A Research Revolution in the Making: Google Books and More as Sources for Women's History

By Weisbard, Phyllis Holman | Feminist Collections: A Quarterly of Women's Studies Resources, Winter 2007 | Go to article overview

A Research Revolution in the Making: Google Books and More as Sources for Women's History


Weisbard, Phyllis Holman, Feminist Collections: A Quarterly of Women's Studies Resources


If you follow developments in libraries, publishing, or Googleland, you have probably heard about the Google Books project. Google now has agreements with several major libraries in the U.S. and abroad to digitize vast quantities of their holdings. Harvard, Stanford, Oxford, the University of Michigan, and the New York Public Library are charter "library partners" in the enterprise, and as of this writing they have since been joined by the University of Wisconsin-Madison (including material from the Wisconsin Historical Society), the Midwest universities consortium known as the Committee on Institutional Cooperation ("CIC"), which also includes UW-Madison, (1) the University of California, the University of Virginia, the University of Texas, Princeton University, the Bavarian State Library (Germany), Ghent University Library (Belgium), University of Lausanne (Switzerland) and two libraries in Spain. A current list of partners and links to their involvement in the project is at http://books.google.com/googlebooks/partners.html. The project, formerly known as Google Print, was announced in December 2004 and is well under way; thousands of books are already in the database at http://books.google.com/. (2) Google Books and other mass digitization projects have the potential to revolutionize research methods and results. With what's already available, Google Books can now greatly enhance student and scholarly quests.

Before illustrating ways that Google Books can be used for research in women's history, there is a bit more background to consider.

The Google Books project has set off a considerable stir among authors and publishers of works still in copyright who consider the digitization of their works without their permission to be a breach of copyright. The Authors Guild and others sued Google in September 2005, and final ruling awaits court action. Google maintains that because it only displays brief "snippets" from a copyrighted work unless there's an agreement with the publisher to display more, this usage is within the "fair use" guidelines of copyright law. Google also gives a second digital copy of each work to the lending library. The libraries generally plan to keep their digital copies of copyrighted works in "dark archives," (3) although libraries' interpretations of what's in the public domain or falls within fair-use guidelines may differ somewhat from Google's.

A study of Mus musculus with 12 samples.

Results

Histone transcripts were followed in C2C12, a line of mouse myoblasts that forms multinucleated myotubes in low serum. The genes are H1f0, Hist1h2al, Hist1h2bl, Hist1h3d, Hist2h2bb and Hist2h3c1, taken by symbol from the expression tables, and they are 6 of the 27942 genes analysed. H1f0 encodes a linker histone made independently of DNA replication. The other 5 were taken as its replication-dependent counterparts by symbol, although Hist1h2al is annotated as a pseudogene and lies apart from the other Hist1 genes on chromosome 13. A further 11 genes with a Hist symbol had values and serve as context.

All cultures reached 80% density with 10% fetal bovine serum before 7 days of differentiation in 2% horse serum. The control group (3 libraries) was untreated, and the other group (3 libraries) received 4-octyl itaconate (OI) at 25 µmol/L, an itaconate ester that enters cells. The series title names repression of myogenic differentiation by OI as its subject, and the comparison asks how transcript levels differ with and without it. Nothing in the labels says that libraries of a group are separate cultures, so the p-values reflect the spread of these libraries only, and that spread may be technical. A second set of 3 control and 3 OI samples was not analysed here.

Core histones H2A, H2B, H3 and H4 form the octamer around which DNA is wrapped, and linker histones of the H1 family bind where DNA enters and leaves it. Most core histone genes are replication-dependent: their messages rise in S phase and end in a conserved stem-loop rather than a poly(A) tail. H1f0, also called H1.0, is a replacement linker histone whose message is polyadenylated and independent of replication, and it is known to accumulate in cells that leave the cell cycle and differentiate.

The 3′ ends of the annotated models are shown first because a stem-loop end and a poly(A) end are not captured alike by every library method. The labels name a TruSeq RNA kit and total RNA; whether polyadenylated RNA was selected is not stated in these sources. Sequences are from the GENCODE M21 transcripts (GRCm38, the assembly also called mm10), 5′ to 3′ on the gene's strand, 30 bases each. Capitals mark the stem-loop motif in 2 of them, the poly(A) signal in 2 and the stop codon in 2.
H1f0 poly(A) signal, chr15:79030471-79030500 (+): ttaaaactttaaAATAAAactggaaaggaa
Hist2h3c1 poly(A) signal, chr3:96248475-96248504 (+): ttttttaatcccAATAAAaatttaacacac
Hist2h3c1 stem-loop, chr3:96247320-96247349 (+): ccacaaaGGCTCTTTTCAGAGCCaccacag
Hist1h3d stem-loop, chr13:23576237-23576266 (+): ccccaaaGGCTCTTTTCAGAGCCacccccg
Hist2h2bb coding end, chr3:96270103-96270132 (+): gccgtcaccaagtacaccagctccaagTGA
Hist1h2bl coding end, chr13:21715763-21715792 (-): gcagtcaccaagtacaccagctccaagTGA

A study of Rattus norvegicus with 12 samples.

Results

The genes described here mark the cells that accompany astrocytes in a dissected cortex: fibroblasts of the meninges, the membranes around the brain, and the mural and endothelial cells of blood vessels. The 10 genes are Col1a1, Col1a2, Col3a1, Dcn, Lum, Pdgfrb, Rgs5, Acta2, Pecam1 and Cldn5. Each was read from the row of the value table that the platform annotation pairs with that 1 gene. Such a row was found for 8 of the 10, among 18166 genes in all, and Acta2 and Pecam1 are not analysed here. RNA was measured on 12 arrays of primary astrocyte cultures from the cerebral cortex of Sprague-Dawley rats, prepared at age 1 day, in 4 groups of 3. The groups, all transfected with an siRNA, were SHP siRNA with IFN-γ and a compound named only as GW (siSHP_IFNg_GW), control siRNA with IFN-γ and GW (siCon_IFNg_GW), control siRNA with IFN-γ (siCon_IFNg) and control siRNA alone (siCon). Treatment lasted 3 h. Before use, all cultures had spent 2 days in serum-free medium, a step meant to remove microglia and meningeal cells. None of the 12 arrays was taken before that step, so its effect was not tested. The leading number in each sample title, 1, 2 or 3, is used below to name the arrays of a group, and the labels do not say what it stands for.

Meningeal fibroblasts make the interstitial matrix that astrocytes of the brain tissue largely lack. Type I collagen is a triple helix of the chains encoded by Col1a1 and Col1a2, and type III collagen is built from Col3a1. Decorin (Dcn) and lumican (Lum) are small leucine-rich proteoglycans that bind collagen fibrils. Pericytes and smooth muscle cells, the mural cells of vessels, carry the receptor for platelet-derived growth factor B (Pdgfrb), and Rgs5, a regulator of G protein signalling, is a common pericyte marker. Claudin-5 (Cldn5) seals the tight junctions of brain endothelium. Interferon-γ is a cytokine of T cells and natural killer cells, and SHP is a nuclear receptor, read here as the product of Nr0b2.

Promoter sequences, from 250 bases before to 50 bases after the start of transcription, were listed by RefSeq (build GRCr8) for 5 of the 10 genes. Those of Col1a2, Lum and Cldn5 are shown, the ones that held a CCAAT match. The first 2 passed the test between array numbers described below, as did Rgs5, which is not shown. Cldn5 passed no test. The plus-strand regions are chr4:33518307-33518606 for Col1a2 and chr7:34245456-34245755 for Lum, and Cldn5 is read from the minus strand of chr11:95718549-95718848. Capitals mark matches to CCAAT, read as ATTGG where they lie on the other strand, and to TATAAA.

Google Books has numerous publisher partners; in fact, many publishers signed up before the library program was announced. These publishers control how much of the content of each title they want displayed, from 20% to 100% of the text. Google Books labels any book with less than 100% displayed as "limited preview." The entry for the book then includes the statement "Pages displayed by permission," and Google displays links to the publisher.

Books that are out of copyright are labeled "full view"; and indeed, each and every page of these can be viewed. In most cases, these books can also be downloaded as PDFs, from which pages can then be printed. Currently, "copy and paste" of text in the PDFs does not appear to be possible (passages can, however, be copied as images); nor can optical character recognition be applied, even when the downloaded PDFs are opened in Adobe Acrobat Professional. This is a feature that library partners might choose to change in the presentation of their digital copies. (The University of Michigan Library catalog is already doing so. For books that have been digitized by Google, there are links to two e-versions: Google Books and "M-Books," for the University of Michigan copy. M-Books can be displayed three ways: as images, as PDFs, or as raw, uncorrected text, labeled "full-text." "Copy and paste" will work from the "full-text" display (although users will want to compare the text to the PDF, because there are errors in character recognition).

Google's is not the only wholesale digitization effort going on.